What can the worlds most successful athletics coach, the Patrician brother Colm O’Connell, teach us about one of the three key pillars of wellbeing and the pursuit of happiness?
The great, the good, and the not so good beat a path to his door in St. Patrick’s high school in Kenya to find the secret. How has this man with no previous background in athletics churned out a conveyer belt of champions that spans the decades? That includes amongst countless others David Rudesha, world champion 800 meters, double Olympic champion, and world record holder?
I would like to divulge that secret in this article on one condition: That you tell everyone.
A word about Fear
We are born with two fears. The fear of loud noises and the fear of falling over. All other fears are picked up and learned along the way. The fear of missing out, the fear of not fitting in, the fear of failure. The fear of not being good enough.
When fear is writing the script of your life the working title is always “I’m not good enough”. Colm’s secret is as simple as it is profound.
You were, are, and always will be good enough.
Nothing outside of yourself will make you more enough than you already are. Looking outside of ourselves for ‘proof’ that we are enough is like looking for a shark in the desert. It’s simply not to be found there. We fool ourselves into thinking we will be enough when we get the approval of our family and friends, or when we get that name plate on the office door saying CEO, or those top grades in school.
When we fully let into seep into our consciousness, into our very bone marrow, that we are enough, we are free to change our emotional state from one of constant fear and anxiety, to one of effort and application. We are free to reframe the word FAIL as First Attempt In Learning. Mistakes become VILE. Very Interesting Learning Experiences.
We are liberated to do the best we can, with the ability that we have, in the time that we have got, and in the space that we are in. We are free to bring out the best in us rather than the stress in us.
Our ancient brain
Stress is a feeling we get when struggling to cope with the demands being placed upon us.
Short-term pressure can serve the purpose of fueling us. It is important to learn how to have stress, rather than stress having us. The key is not letting stress tip over into distress, activating what’s commonly called a ‘fight or flight’ response. When this happens on a brain level, we have difficulty moving the spotlight of our attention away from the thing stressing us out, so that it becomes amplified and looms ever larger in our mind, occupying all of our attention at the expense of perspective. Molehills can become mountains in the mind’s eye and the body reacts like our very life is on the line – literally.
This stress response was only intended for rare and life threatening moments. Three million years ago, there was a real danger of a saber-toothed tiger eating Fred Flintstone. There were two mistakes you could make on the Serengeti Plain.
What once saved us now keeps us on a perpetual treadmill of anxiety.
Think there was a tiger in the bushes when there wasn’t and be wrong, or think there wasn’t a tiger in the bushes when there was, and be wrong. The first error would lead to elevated blood pressure and panic in the moment that you would ultimately survive. The second meant curtains. Consequently, our brains evolved to make the first mistake thousands of time to ensure we didn’t make the second mistake once.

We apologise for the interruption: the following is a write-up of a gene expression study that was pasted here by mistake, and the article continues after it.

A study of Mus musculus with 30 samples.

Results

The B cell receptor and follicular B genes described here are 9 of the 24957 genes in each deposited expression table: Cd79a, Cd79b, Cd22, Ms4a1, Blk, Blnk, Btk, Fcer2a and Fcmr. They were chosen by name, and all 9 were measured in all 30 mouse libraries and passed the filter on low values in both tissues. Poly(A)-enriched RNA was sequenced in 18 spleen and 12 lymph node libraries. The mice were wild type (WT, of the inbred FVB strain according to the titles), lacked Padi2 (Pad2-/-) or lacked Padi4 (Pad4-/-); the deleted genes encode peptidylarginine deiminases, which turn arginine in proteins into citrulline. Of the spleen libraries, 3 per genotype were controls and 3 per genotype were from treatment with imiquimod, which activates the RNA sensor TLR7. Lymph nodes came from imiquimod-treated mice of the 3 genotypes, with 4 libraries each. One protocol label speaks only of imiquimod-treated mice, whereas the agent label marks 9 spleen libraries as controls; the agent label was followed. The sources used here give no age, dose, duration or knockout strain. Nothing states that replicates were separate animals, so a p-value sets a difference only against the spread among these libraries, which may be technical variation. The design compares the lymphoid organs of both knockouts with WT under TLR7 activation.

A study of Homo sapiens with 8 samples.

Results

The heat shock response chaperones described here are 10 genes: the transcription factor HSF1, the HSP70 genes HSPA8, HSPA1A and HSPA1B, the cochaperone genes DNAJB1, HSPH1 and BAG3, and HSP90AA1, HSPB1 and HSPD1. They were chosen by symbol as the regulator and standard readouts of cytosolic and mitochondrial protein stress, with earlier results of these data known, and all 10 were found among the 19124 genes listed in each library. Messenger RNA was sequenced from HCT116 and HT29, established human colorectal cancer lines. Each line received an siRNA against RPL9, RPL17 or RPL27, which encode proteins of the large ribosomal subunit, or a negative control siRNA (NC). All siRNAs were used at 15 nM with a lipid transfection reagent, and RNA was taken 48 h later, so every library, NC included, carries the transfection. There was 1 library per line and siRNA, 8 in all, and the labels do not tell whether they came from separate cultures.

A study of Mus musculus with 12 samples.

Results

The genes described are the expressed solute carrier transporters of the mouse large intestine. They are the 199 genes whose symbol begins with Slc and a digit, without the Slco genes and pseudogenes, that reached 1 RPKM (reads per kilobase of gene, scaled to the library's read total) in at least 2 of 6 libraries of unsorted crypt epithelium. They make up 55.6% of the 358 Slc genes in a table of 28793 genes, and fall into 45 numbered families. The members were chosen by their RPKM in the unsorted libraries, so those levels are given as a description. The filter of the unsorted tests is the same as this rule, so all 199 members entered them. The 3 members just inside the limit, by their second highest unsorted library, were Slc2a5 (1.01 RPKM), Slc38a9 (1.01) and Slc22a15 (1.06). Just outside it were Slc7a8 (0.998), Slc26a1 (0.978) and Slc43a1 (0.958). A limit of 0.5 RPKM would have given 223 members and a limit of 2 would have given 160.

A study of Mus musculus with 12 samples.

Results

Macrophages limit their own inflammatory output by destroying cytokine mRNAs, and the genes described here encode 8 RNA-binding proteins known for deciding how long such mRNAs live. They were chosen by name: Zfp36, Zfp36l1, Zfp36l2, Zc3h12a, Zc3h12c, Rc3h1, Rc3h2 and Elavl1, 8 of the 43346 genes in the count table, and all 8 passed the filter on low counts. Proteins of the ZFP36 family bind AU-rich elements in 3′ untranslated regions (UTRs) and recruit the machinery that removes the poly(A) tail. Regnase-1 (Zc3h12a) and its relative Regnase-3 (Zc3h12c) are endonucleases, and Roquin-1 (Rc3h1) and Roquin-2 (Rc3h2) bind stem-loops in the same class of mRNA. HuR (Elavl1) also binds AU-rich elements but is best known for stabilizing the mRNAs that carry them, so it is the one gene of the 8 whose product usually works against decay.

Life goes on
Fortunately, there are not too many tigers wandering the streets these days … but your brain did not get that memo. There’s a big difference between a saber-toothed tiger trying to eat you in your mind – and an actual tiger actually trying to eat you! The problem is that your brain doesn’t take chances.
No matter what happens – if exam results don’t go your way, or that conversation, or that relationship, or you fail to get that promotion – remember what Robert Frost said were the three words experience had taught him about life.
It goes on…
In other words very few episodes in life merit a full ‘flight or fight’ response. There can be a huge toll to pay for living our lives in this zone in terms of our health both mental and physical and in terms of our performance.
Learn to be compassionate
That gnawing feeling of not being enough nags away at us and never seems to stop eroding our self-confidence. A crucial mindset to adapt when we meet a setback is to be more compassionate and kinder to ourselves. Withholding self-criticism and engaging in a more positive and constructive relationship with ourselves can greatly enhance our chances of a successful outcome. Amp up the voice in your head that’s positive – your inner coach. Dial down the negative voice in your head that’s your inner critic.
That voice in your head is the only one you can be guaranteed will be with you all your life – ME FM, your internal radio station. Make it a good news channel. This is 100% in your control. Believe in yourself costs nothing, and everyone can afford it.
‘If I said the things to my friends that I say to myself – I would have no friends.’ – Princess Diana
Have you ever noticed that we tend to talk least about the things we think about the most? We can be very hard on ourselves, and each other. What if we entertain the possibility that we are enough? If we push through our fears, heap hope on the bouts of doubt and entertain the possibility that there is nothing wrong with us that what is right about us can’t fix.
What if happiness … is an inside job?
Please feel free to watch my Ted talk for the other two pillars, and remember … you are enough. Spread the secret about happiness.